We all know how an electric current causes magnetic fields. But when a single electron is flowing through the wire, how is this electron creating the magnetic field or how are electrons responsible for magnetic field around a wire?
I could give to you only an answer to some part of your question. The comment from gonenc points to an answer, there the first sentence is:
If you are not well-acquainted with special relativity, there is no way to truly explain this phenomenon.
There is a simple explanation how accelerated electrons create a magnetic field. It has to do with the intrinsic spin and the related magnetic dipole moment of the electrons. If you are not familiar with these phenomena of electrons please read Wikipedia, search in StackExchange or ask in separate questions.
Now, if you are familiar with the basics please read my explanations about how works the phenomenon of electromagnetic induction.
This is only the first step to answer your question. Now you could imagine how a accelerated charge - for example an electron in a coil - induces a magnetic field. How the magnetic field in a straight wire get induced I have explained in other posts.
But my posts were greeted with scepticism. I've no problem with that. What disturbs me is the general reaction that they are "wrong". My question is summarised as follows: Did any of these people actually follow my explanations and can anyone tell me where a mistake was made? (This sentences are adopted from a question of @G. 't Hooft.)
How are electrons responsible for magnetic field around a wire?
Via the "screw" nature of electromagnetism. Minkowski referred to this in Space and Time, as did Maxwell in On Physical Lines of Force: "a motion of translation along an axis cannot produce a rotation about that axis unless it meets with some special mechanism, like that of a screw". This why we have the right-hand rule which applies not just to electromagnetism, but to screw threads. Note section 11.10 of Jackson's Classical Electrodynamics where he says "one should properly speak of the electromagnetic field Fμν rather than E or B separately". Like Christoph said in the possible duplicate, the electron doesn't actually have an electric field, it has an electromagnetic field. And to envisage this field you take a tip from Maxwell's combination of curl and convergence:
Combine radial electric field lines with concentric magnetic field lines to give electromagnetic field lines like so:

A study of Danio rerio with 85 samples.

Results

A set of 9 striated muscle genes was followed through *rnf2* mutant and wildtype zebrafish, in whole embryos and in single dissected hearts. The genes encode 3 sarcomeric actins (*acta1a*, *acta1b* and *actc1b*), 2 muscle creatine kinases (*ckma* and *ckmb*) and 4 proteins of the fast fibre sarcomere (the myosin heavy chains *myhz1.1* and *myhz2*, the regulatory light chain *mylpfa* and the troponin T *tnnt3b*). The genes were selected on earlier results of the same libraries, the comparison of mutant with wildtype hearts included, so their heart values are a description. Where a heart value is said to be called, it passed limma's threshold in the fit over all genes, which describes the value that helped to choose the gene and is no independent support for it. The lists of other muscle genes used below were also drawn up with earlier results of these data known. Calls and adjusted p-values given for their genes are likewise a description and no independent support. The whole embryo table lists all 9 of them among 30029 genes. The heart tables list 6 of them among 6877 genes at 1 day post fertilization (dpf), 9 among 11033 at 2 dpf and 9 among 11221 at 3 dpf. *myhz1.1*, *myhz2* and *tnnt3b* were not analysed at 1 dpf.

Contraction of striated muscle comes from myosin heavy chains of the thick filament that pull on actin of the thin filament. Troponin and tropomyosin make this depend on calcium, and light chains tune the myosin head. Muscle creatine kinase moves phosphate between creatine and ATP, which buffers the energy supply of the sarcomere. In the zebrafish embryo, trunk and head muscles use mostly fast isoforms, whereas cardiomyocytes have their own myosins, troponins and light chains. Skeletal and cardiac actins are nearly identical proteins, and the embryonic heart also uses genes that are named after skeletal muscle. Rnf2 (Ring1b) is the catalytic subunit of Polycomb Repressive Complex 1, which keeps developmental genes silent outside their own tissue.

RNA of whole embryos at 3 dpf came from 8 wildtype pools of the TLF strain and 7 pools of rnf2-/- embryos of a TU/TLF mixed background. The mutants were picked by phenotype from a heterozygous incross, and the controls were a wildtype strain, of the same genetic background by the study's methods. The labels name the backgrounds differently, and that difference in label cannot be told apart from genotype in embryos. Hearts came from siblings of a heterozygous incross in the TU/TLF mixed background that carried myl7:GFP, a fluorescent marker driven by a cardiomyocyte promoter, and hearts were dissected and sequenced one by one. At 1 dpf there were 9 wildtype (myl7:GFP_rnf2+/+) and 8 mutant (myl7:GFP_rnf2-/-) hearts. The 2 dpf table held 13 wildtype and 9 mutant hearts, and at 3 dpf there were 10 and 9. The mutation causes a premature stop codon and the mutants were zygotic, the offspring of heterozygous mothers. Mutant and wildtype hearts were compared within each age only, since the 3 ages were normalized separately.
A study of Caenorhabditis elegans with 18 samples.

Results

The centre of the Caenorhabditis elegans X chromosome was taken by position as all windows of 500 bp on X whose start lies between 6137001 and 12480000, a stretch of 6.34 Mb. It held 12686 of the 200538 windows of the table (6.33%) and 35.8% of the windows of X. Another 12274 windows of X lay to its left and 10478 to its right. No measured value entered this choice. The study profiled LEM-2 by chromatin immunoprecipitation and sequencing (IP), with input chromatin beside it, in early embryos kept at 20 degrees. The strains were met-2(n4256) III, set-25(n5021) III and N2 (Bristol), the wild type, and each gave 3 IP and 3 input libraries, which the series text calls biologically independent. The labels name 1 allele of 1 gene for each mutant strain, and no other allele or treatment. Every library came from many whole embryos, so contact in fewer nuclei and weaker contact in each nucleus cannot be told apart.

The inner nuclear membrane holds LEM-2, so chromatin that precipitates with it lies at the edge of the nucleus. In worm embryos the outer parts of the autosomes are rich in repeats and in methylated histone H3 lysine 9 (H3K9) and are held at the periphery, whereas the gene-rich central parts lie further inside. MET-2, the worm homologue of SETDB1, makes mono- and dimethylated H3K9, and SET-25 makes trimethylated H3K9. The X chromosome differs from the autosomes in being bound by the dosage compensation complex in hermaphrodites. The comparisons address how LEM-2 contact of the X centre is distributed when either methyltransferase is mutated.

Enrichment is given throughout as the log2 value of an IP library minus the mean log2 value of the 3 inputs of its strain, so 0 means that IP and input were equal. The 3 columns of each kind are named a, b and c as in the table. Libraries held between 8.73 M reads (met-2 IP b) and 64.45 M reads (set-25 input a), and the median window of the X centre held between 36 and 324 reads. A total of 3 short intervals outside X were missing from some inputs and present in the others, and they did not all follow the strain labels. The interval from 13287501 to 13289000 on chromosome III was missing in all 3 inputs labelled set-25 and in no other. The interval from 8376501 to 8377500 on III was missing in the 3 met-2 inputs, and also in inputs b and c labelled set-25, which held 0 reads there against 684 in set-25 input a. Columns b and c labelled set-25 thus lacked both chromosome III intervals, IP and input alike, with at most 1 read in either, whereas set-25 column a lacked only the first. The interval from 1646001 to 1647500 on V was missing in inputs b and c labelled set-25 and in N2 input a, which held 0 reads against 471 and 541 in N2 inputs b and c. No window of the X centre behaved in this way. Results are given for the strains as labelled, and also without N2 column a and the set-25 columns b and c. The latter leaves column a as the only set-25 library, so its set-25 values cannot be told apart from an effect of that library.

The above is a flat depiction with no spin ½ dipole, but I think it's enough to get across this screw nature of the electromagnetism. It's also reminiscent of depictions of a vector field and a spinor, and something like the gravitomagnetic field, which is described as twisted space by NASA author Tony Phillips. The electromagnetic field isn't totally different, see Heaviside's 1893 paper. IMHO you get the gist of it by imagining you're walking into it with your arms outstretched: think of the electromagnetic field as a "twist" field, wherein if you were moving through it but didn't know it, you might say it was a "turn" field. That's kind of what a magnetic field is. We talk of curl aka rot which is short for rotor, and if you throw an electron through a magnetic field, it goes round in circles.
Anyway, in the current-in-the-wire you have in essence a column of electrons and a column of metal ions. The electrons all have a negative electromagnetic field, and the ions all have a positive electromagnetic field with the opposite chirality. If the electrons weren't moving, the opposite "twist fields" would cancel each other out$^*$. However the electrons are moving up the wire:
So it's like you're moving through one set of twist fields but not the other. And when you have motion relative to a twist field, you think of it as a turn field, and that's what a magnetic field is. So what you "see" is a magnetic field around the wire.
GNUFDL image by Jfmelero see Wikipedia
$*$ Actually they don't quite cancel each other out, but that's one for another day.